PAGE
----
Saturday, October 28, 2006

New criteria for Idealab businesses:

A few weeks ago, Google announced that it planned to install a large solar energy system on the roof of its headquarters in Mountain View, Calif. “Green tech” is all the rage right now in Silicon Valley, with venture money pouring into environmental start-ups, and hip technology companies falling all over themselves to show their earth-friendly bona fides.

But that’s not why the Google announcement caught my eye. No, what intrigued me was the company that was building its solar system: EI Solutions, a division of Energy Innovations. And Energy Innovations is — are you sitting down for this? — an Idealab company.

Idealab? The original “Internet incubator” founded in the mid-1990s by the charismatic, hyperkinetic Bill Gross? The one that flew so high during the Internet bubble — with companies like eToys and and — only to crash and burn once boom turned to bust? The one that was sued in 2002 by some of its most high-profile investors, including T. Rowe Price, which asserted that its money had been misused and wanted it back? Yes, that Idealab.

We haven’t heard much about Internet incubators lately — and with good reason. Many of them no longer exist. Several that went public during the boom, like CMGI, now sport anemic stock prices, and aren’t really incubators anymore. The essential business model of an incubator — that a company could exist purely to create start-up companies — is now viewed largely as bubble folly...

But Mr. Gross and Idealab, it turns out, are still very much with us. Idealab is still a company that exists to create start-ups, most of which begin life as a glimmer in Mr. Gross’s fertile brain. The companies it starts aren’t always about the Internet anymore, though some are. Mr. Gross has started a company that is making an affordable 3-D printer, which it hopes to bring to market next year. Another Idealab company sells proprietary robotics technology to supermarkets and toy companies. Yet a third,, is an Internet search engine in which advertisers pay only if customers take an action, rather than simply click to a site. (Mr. Gross is the inventor of the “paid search” idea that Google went on to perfect.)

He never lost his belief that his model of company-creation could work — if, that is, he could learn to bring his own frenetic idea-generating brain under control.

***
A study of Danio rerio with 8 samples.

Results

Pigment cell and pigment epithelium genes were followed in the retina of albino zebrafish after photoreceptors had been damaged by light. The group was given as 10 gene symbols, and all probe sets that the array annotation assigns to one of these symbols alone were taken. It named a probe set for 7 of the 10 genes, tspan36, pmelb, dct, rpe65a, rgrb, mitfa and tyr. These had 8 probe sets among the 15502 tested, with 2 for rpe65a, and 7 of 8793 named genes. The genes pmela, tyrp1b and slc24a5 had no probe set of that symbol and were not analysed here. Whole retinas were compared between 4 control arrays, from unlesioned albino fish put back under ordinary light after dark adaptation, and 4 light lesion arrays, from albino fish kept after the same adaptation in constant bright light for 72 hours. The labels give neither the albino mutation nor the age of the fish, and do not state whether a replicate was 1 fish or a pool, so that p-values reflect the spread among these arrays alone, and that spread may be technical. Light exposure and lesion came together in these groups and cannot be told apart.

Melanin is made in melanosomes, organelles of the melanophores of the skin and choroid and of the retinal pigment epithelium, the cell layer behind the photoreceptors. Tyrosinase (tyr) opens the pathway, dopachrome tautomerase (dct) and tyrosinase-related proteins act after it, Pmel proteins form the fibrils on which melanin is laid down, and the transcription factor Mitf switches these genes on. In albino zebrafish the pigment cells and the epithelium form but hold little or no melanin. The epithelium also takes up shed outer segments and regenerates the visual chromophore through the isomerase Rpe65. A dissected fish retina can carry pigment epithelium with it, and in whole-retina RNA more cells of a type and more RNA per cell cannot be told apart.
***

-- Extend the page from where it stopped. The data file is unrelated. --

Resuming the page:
So, no longer would Idealab start a company a month. “We needed a much higher bar for the kind of companies we would create,” he said. “We needed to have protectable intellectual property. Our companies had to be in growing industries, with high margins — and protectable margins. That was something we never used to think about. EToys had great customer service, but it had no protectable intellectual property. Anybody could do it.”

And finally, Mr. Gross said, the companies he wanted to start had to be able to make a real difference in the world. You could argue, I suppose, that to make such a grandiose statement suggests that Mr. Gross and his colleagues were still afflicted with at least some of the hubris of the bubble days. But Mr. Gross argues that building a company requires so much effort, and entails heartbreak, that it just didn’t seem to be worth it unless Idealab companies were going to do something that mattered.

One of the first companies to emerge from this new focus was Energy Innovations.

From New York Times 10/28/06


  1. Anonymous3:06 AM

    The interesting thing is that Google founders put seed money into a silicon valley solar company named nanosolar. Nanosolar promises to reduce the cost of solar energy by 90% by printing photovoltaic material on plastic substrates. They recently even raised $100 million in order to build a manufacturing facility for their PVs.
    It is interesting that Google selected Energy Innovations to manage their solar energy projcet. Energy Innovations, except for being a solar installer is primarily a manufacturer of a solar system, that concentrates sun on photovoltaics (low concentration).
    Google did not wait for the breakthrough by Nanosolar, but decided to go for the traditional panels...interesting - I guess Nanosolar are not as close as they say.

  2. John,

    This might be old news to you, but one of Yahoo's higher-ups has written lots of interesting essays about start-ups, the tech-boom and bust, and so forth:

    He also talks about the Summer Founders' Program, which unites young entrepreneurs and venture capital.